Some data about the Mobility Industry
Mobility sector is conformed by 4 main sectors (in terms of annual turnover) and a fith sector which groups other transport segments.
- Automotive: We can find the 40% of companies in the industry. They generate 79% of infustry turnover and the 48% of employment
- Railway: 29% of companies employs the 30% of total workers in the industry, with only a 13% of turnover
- Micro-mobility (5% of companies – 1% of turnover)
- Motorcycles (4% of companies – 1% of turnover)
- Others (which includes bus,naval and aeronautics) groups a 29% of companies generating the 6% of industry turnover and employs the 18%.
If we look closer to the type of companies, we can see that manufacturers and distributors are a big 65% of the industry. In the 3r position we can find operators, followed by mobility services and infraestructures.
Sustainable Mobility Drivers
Sustainability & Climate Change
Climate change is present in our daily lives, and we are increasingly aware of the costs of pollution.
In Asia, we find that China, some Persian Gulf countries and India are investing in clean energy at great speeds. The US is transitioning away from coal and is innovating a wide range of clean technologies, such as batteries, new methods of carbon capture and electric vehicles. Europe, including the UK, is united in its mission to tackle climate change and is driving the European Green Deal, which aims to reduce 90% of transport emissions by 2050.
Increses on energy costs
Increases in the cost of energy pose a major threat to the transport industries. To address this situation, we must encourage the promotion of more sustainable transport, the renewal of vehicle fleets for more efficient ones and awareness of the rational use of means of transport.
Mobility must also be understood from a gender perspective, as not all people move in the same way.. In addressing sustainable mobility challenges, we must include gender perspectives in the elaboration and evaluation of urban mobility policies and plans and improve preventive action against gender discrimination. Not only that, we must keep in mind that equality is not equity and ensure a fair access for all, based on their needs.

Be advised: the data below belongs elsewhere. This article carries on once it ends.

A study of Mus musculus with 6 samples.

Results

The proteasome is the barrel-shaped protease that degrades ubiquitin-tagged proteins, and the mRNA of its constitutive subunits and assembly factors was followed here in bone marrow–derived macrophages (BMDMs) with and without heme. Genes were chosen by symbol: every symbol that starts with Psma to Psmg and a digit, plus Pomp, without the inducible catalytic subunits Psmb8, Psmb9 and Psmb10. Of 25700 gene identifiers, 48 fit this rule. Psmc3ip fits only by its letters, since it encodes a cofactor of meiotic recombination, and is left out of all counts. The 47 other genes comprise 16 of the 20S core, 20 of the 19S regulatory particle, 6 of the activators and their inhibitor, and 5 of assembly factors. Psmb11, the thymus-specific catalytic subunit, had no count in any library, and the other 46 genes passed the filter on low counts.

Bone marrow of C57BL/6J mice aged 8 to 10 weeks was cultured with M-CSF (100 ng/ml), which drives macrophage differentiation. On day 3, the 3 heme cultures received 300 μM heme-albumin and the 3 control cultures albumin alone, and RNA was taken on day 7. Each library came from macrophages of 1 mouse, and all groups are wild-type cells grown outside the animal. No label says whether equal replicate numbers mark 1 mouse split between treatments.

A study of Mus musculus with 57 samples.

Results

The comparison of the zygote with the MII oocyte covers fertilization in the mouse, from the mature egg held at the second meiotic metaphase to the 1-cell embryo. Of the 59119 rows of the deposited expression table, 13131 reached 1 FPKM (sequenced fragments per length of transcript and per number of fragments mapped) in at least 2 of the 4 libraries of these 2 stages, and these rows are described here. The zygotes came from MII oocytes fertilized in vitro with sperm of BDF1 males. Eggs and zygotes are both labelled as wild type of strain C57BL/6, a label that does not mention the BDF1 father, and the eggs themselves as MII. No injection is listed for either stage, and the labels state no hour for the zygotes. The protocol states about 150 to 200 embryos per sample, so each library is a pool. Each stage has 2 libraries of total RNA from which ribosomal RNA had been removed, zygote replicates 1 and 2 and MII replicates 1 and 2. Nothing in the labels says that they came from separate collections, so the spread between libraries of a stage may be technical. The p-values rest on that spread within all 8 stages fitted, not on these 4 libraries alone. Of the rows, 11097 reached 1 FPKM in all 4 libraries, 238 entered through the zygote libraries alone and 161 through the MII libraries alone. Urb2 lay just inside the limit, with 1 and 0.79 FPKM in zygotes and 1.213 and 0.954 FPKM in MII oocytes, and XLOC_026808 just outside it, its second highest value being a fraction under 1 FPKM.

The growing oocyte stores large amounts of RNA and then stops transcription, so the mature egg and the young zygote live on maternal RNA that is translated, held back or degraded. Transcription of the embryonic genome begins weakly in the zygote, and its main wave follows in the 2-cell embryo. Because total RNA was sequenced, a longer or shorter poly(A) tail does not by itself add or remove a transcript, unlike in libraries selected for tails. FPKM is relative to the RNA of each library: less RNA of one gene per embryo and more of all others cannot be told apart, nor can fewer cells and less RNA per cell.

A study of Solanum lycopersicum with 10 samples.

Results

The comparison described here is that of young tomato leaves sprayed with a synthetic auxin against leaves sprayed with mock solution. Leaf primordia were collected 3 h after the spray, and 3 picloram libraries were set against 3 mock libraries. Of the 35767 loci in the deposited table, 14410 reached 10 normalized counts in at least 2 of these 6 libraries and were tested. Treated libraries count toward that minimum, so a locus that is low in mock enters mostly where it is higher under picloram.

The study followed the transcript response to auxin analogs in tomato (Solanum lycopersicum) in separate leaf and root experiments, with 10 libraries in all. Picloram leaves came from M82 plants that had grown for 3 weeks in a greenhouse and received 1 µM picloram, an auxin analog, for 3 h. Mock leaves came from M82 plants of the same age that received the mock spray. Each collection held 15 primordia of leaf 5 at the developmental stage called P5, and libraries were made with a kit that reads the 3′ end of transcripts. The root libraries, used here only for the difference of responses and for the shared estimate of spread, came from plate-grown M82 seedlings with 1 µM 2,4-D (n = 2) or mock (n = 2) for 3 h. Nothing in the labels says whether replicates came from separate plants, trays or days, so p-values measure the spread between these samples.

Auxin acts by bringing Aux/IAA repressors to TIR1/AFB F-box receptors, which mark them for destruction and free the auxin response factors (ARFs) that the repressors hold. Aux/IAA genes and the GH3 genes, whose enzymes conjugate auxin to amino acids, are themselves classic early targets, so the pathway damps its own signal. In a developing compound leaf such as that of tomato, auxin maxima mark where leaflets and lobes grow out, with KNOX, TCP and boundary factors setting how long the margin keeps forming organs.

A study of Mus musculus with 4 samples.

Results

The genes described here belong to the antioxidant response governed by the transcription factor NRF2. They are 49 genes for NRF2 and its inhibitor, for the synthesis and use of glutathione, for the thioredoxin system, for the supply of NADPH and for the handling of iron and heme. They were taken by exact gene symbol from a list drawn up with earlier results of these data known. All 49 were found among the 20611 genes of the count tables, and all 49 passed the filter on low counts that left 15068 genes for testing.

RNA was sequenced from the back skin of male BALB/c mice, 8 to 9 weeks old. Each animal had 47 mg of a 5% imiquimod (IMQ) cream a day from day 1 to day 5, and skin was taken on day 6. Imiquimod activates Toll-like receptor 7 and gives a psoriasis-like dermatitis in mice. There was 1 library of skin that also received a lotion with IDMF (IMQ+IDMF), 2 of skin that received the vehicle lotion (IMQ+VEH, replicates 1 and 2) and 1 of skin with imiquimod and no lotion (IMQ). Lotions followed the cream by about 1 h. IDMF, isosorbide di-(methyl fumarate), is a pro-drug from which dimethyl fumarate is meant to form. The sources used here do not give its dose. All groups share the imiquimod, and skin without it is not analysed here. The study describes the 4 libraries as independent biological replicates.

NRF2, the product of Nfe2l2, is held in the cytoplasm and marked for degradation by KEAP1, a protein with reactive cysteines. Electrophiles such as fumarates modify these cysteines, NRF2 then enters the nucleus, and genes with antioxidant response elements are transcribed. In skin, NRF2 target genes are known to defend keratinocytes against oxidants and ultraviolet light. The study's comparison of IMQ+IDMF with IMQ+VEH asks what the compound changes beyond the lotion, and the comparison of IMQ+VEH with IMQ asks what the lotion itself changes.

Increased life expectancy, reduced fertility and higher levels of education. education levels are changing global demographics, affecting the structure of the world economy: an ageing world population could have a major impact on developed and emerging economies. a major impact on developed and emerging economies. With an average age of 44, Europe will be the “oldest ageing” region, more than double the average age of 21 in sub-Saharan Africa. average age of 21 years in sub-Saharan Africa. People over 65 will account for nearly 23% of the EU population by 2023, an increase of more than 8 percentage points in just 15 years.
Habit changes in the population towards healthier lifestyles, such as keeping active, are also leading to changes in transport use.
About the future of mobility…
European Commission’s policies fit for reducing net greenhouse gas emissions by at least 55% by 2030
One third of the 1.8 trillion Euro investments from the NextGenerationEu Recovery Plan, and the EU’s seven-year budget will finance the European Green Deal
2022, transport emissions represent around 25% of the EU’s total greenhouse gas emissions, and these emissions have increased over recent years.